Monday, 30th October 2017


Factory output has shrunk for the first time in 21 months, deepening concerns about growth that the Modi government refuses to acknowledge

  • Published 11.05.19, 6:57 AM
  • Updated 11.05.19, 6:57 AM
  • 2 mins read
  •  
Capital goods and consumer goods output fell, suggesting the economy may be slowing down sharply. (Shutterstock)

Factory output has shrunk for the first time in 21 months, deepening concerns about growth in the Indian economy that the Narendra Modi government refuses to acknowledge or share.

The Index for Industrial Production (IIP) fell by 0.1 per cent in March 2019, compared with a 5.3 per cent increase in the same month a year ago, according to government data released on Friday.

Both the capital goods and consumer goods output fell, suggesting the economy may be slowing down sharply.

The government clings to the belief that the Indian economy — which has been estimated to grow at a fairly pacy 7 per cent in 2018-19 according to the second advance estimate of the Central Statistics Office (CSO), put out on February 28 — will rebound next year. This estimate will be tested when the CSO comes out with its provisional estimate on May 31.

The IIP figures buttress the argument, based on high-frequency data from industry studies, that the Indian economy has started to lose steam and could sputter for the greater part of this fiscal year.

On an annualised basis, IIP growth slowed to a three-year low of 3.6 per cent in 2018-19, against 4.4 per cent in the previous fiscal.

Industrial production grew at 4.6 per cent and 3.3 per cent in 2016-17 and 2015-16, respectively.

Meanwhile, IIP growth for February 2019 has been revised downwards to 0.07 per cent from 0.1 per cent earlier.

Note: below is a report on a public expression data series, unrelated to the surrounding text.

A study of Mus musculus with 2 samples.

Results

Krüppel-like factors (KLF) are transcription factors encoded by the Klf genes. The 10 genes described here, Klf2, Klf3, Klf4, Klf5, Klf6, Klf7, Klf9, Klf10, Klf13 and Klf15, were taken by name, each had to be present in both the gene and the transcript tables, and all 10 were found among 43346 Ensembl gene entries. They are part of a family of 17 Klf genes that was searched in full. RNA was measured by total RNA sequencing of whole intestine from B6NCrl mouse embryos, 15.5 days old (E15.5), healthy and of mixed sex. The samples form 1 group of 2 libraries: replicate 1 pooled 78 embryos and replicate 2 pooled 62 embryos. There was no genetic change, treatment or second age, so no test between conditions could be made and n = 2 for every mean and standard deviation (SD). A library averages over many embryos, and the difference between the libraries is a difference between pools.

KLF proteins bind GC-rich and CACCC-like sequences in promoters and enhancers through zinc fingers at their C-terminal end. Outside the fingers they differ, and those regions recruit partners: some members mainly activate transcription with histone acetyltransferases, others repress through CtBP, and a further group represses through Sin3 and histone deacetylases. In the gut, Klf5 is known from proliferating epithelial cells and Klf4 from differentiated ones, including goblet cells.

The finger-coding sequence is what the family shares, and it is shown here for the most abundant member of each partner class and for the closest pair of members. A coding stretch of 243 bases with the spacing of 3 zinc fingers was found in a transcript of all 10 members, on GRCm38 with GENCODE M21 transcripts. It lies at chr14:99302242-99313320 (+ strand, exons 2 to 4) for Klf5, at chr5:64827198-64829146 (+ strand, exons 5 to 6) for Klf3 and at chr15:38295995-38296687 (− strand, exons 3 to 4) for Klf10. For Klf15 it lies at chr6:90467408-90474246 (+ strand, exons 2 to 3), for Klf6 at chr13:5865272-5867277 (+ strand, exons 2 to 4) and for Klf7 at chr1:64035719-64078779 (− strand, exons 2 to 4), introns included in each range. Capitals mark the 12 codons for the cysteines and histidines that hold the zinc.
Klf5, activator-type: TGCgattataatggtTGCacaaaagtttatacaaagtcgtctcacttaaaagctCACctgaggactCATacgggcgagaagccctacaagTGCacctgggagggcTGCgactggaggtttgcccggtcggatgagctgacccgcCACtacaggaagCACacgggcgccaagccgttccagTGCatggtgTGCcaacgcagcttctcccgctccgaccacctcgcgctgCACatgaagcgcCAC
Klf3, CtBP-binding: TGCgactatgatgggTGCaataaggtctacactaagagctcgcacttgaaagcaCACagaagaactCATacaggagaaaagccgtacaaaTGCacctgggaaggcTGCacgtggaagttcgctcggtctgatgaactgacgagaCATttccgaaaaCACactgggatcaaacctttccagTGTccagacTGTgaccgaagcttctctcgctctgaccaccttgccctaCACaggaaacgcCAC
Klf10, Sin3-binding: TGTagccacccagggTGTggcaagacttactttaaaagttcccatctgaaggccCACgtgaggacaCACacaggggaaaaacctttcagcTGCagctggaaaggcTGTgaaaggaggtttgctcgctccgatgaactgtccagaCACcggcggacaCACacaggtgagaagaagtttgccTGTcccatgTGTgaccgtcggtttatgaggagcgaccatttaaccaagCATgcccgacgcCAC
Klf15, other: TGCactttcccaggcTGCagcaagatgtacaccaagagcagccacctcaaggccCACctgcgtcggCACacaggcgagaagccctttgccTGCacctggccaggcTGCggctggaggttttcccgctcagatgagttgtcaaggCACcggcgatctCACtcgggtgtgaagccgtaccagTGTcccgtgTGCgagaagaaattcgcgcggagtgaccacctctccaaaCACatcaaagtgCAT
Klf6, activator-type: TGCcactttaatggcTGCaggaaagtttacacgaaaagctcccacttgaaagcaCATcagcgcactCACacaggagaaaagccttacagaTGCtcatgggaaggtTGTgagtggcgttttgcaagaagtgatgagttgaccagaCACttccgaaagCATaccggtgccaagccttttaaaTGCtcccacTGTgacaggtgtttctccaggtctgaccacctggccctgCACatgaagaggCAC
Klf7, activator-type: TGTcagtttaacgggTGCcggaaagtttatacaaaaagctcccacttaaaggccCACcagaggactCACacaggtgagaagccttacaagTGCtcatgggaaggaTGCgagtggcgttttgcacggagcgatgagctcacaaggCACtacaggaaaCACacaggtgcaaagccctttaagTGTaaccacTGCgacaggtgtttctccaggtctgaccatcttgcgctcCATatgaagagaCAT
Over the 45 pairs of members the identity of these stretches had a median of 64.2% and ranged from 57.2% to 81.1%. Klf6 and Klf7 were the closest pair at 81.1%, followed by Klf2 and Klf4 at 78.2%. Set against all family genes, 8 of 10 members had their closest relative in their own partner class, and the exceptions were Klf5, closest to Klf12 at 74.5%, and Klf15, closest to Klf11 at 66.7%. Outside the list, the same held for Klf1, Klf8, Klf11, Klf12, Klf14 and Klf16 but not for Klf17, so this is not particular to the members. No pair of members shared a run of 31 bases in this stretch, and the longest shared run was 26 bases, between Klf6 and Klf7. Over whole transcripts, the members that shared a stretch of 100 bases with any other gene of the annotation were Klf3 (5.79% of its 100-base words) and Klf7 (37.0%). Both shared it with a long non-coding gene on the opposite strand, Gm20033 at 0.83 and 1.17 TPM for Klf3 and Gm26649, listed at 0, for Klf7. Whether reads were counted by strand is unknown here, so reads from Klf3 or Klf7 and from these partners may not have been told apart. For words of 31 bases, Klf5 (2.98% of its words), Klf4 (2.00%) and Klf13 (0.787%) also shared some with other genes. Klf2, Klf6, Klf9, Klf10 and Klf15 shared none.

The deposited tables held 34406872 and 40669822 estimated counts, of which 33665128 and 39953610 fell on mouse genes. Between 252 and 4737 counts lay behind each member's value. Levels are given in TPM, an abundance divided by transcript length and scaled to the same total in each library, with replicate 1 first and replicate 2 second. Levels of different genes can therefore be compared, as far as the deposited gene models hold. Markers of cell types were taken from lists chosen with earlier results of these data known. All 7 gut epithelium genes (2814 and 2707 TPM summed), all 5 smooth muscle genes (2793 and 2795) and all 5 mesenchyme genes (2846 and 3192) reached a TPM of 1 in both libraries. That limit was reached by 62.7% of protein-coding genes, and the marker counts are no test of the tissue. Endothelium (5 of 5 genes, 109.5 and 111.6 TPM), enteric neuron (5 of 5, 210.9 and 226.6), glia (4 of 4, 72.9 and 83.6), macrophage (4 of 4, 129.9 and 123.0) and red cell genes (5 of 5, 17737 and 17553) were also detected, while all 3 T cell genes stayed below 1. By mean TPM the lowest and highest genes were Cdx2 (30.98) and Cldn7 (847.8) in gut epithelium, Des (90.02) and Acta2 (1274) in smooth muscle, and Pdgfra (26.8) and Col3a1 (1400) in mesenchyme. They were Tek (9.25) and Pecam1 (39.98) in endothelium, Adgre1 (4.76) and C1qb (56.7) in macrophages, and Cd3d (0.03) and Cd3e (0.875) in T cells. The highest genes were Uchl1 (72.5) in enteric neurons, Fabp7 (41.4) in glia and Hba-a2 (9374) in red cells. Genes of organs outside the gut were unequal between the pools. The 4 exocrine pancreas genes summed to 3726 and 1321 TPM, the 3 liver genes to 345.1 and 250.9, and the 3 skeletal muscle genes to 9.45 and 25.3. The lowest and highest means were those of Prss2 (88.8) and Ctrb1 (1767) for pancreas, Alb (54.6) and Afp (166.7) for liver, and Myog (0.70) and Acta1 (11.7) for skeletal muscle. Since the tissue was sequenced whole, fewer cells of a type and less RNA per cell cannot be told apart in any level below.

The manufacturing sector, which constitutes 77.63 per cent of the IIP, contracted by 0.4 per cent in March, compared with a 5.7 per cent expansion in the year-ago month.

The capital goods output declined by 8.7 per cent in the month under review, against a 3.1 per cent contraction in March 2018.

The stress in these two sectors could amplify concerns about job creation, which has turned into a highly divisive issue during the general election currently under way.

Power sector growth slowed to 2.2 per cent in March, compared with 5.9 per cent a year ago. Mining sector growth also slid to 0.8 per cent in March, compared with a 3.1 per cent expansion a year ago.

The high-frequency data from industry show that housing, automobile sales and consumer staples businesses are wilting badly in the face of the slowdown.

“The earnings season has not panned out well going by the numbers of auto, consumer and private banks’ quarterly results. We have started to see signs of slowdown in the economy, going by management commentary of consumer companies. If the slowdown gains traction, there may be further earnings downgrades in more sectors,” said Sanjeev Zarbade of Kotak Securities.

But some economists believe that a fresh economic stimulus provided by the new government could propel the Indian economy out of the rut.

“Undoubtedly, there are headwinds and drags here. But if you take a more forward-looking perspective over the next three-four quarters, it’s not all gloom and doom,” said Madan Sabnavis, chief economist at Care Ratings, who believes the economic momentum would remain subdued for the next few months.